Here's the Chief of Staff Pete Rouse:
[I]n a rare interview in September before his selection, he insisted Mr. Obama’s first two years would be judged well by history, but lamented that the economic crisis forced a series of actions that fueled the image of a traditional Democrat, even while staving off a depression.
“If we’d had our druthers,” Mr. Rouse said, “starting out with a $787 billion spending program that people don’t think benefited them, that reinforced the idea of big-spending liberal, isn’t the option we would have chosen, but it was what was called for.”
Another way of looking at it might have been that "traditional Democrats" always have to clean up after the catastrophes the "small government" conservatives create with their greed and irresponsibility whenever they get the reins of power. It happens over and over again, and for some reason the Democrats seem to prefer being treated like doormats instead of standing up for their philosophy.
If big spending liberals would spend half the time defending their tradition and principles that they spend apologizing for them, they might not have so many problems. But that assumes that the principles I attribute to them are their principles. At this point, it's not evident that they are.
I'll let Krugman explain again how we got to this juncture:
The aftermath of major financial crises is almost always terrible: severe crises are typically followed by multiple years of very high unemployment. And when Mr. Obama took office, America had just suffered its worst financial crisis since the 1930s. What the nation needed, given this grim prospect, was a really ambitious recovery plan.
Could Mr. Obama actually have offered such a plan? He might not have been able to get a big plan through Congress, or at least not without using extraordinary political tactics. Still, he could have chosen to be bold — to make Plan A the passage of a truly adequate economic plan, with Plan B being to place blame for the economy’s troubles on Republicans if they succeeded in blocking such a plan.
But he chose a seemingly safer course: a medium-size stimulus package that was clearly not up to the task. And that’s not 20/20 hindsight. In early 2009, many economists, yours truly included, were more or less frantically warning that the administration’s proposals were nowhere near bold enough.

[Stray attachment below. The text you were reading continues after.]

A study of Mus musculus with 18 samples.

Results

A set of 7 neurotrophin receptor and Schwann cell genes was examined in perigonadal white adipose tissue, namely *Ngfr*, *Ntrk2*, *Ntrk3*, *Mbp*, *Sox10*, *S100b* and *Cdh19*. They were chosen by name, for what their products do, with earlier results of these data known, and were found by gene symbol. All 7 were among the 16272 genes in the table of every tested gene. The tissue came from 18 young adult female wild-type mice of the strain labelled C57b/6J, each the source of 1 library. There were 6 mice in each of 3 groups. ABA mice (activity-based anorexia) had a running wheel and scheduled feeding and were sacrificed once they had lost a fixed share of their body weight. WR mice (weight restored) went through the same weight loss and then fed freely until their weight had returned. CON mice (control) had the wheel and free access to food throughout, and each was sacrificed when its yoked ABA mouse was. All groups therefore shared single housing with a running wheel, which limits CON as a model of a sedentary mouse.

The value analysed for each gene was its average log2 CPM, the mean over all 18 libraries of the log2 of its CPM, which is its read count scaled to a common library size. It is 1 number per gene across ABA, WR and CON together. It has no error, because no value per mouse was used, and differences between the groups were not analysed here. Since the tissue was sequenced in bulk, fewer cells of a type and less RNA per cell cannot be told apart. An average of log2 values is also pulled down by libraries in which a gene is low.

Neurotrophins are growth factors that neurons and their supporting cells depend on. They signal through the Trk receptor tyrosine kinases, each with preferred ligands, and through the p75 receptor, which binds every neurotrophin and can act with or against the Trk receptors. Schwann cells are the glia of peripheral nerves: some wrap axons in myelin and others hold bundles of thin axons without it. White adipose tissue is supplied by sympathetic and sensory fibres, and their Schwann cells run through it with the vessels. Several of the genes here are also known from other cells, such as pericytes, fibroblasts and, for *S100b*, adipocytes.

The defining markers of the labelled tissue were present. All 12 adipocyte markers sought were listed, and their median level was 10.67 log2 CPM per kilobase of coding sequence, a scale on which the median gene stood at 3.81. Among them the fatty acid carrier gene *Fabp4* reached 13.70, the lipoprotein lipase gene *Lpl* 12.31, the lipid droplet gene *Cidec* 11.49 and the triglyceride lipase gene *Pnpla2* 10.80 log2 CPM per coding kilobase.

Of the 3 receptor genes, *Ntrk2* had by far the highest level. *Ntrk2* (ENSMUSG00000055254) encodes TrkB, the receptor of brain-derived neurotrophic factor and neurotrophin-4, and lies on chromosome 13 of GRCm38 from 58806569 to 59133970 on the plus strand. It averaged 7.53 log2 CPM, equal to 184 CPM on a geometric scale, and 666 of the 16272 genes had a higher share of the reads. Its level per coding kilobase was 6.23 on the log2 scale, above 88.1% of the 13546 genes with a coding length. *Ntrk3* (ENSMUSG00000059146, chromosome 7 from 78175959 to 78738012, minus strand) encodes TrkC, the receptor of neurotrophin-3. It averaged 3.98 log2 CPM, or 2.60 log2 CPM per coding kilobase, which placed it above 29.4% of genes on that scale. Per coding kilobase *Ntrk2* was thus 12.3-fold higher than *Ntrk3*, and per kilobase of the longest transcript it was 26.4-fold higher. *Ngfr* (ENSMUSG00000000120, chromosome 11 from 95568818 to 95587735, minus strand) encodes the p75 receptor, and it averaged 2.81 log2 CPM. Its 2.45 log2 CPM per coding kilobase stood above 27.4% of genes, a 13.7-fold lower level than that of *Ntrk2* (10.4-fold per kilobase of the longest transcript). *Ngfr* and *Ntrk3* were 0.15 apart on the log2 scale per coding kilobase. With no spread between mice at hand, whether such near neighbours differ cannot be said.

Worse, there was no Plan B. By late 2009, it was already obvious that the worriers had been right, that the program was much too small. Mr. Obama could have gone to the nation and said, “My predecessor left the economy in even worse shape than we realized, and we need further action.” But he didn’t. Instead, he and his officials continued to claim that their original plan was just right, damaging their credibility even further as the economy continued to fall short.
Meanwhile, the administration’s bank-friendly policies and rhetoric — dictated by fear of hurting financial confidence — ended up fueling populist anger, to the benefit of even more bank-friendly Republicans. Mr. Obama added to his problems by effectively conceding the argument over the role of government in a depressed economy.
We are politically worse off than we were before unless something magical happens and the economy turns itself around quickly. And this is a direct result of money in the system (for which Democrats feel they have to compete in order to compete) and, I think, the transition from accommodation to neo-liberalism for political reasons to true belief among the liberal intelligentsia.
The only way I can reconcile what Krugman says above (and what I think is about to happen) is that the administration and the top leadership of the Democratic Party truly do not believe in Keynesianism anymore except as a convenient excuse for tax cuts which are now seen as supernatural confidence potions. Economic Viagra. (If you look at the Europeans you can see the same thing, which I suspect is also driving the unsure and directionless Obama's acquiesence to an austerity agenda.)
They are all magical thinkers now, which explains why Paul Krugman seems to be somewhat frantic and very, very worried. As we all should be. Peter Rouse's apology for using government to stave off economic catastrophe says it all.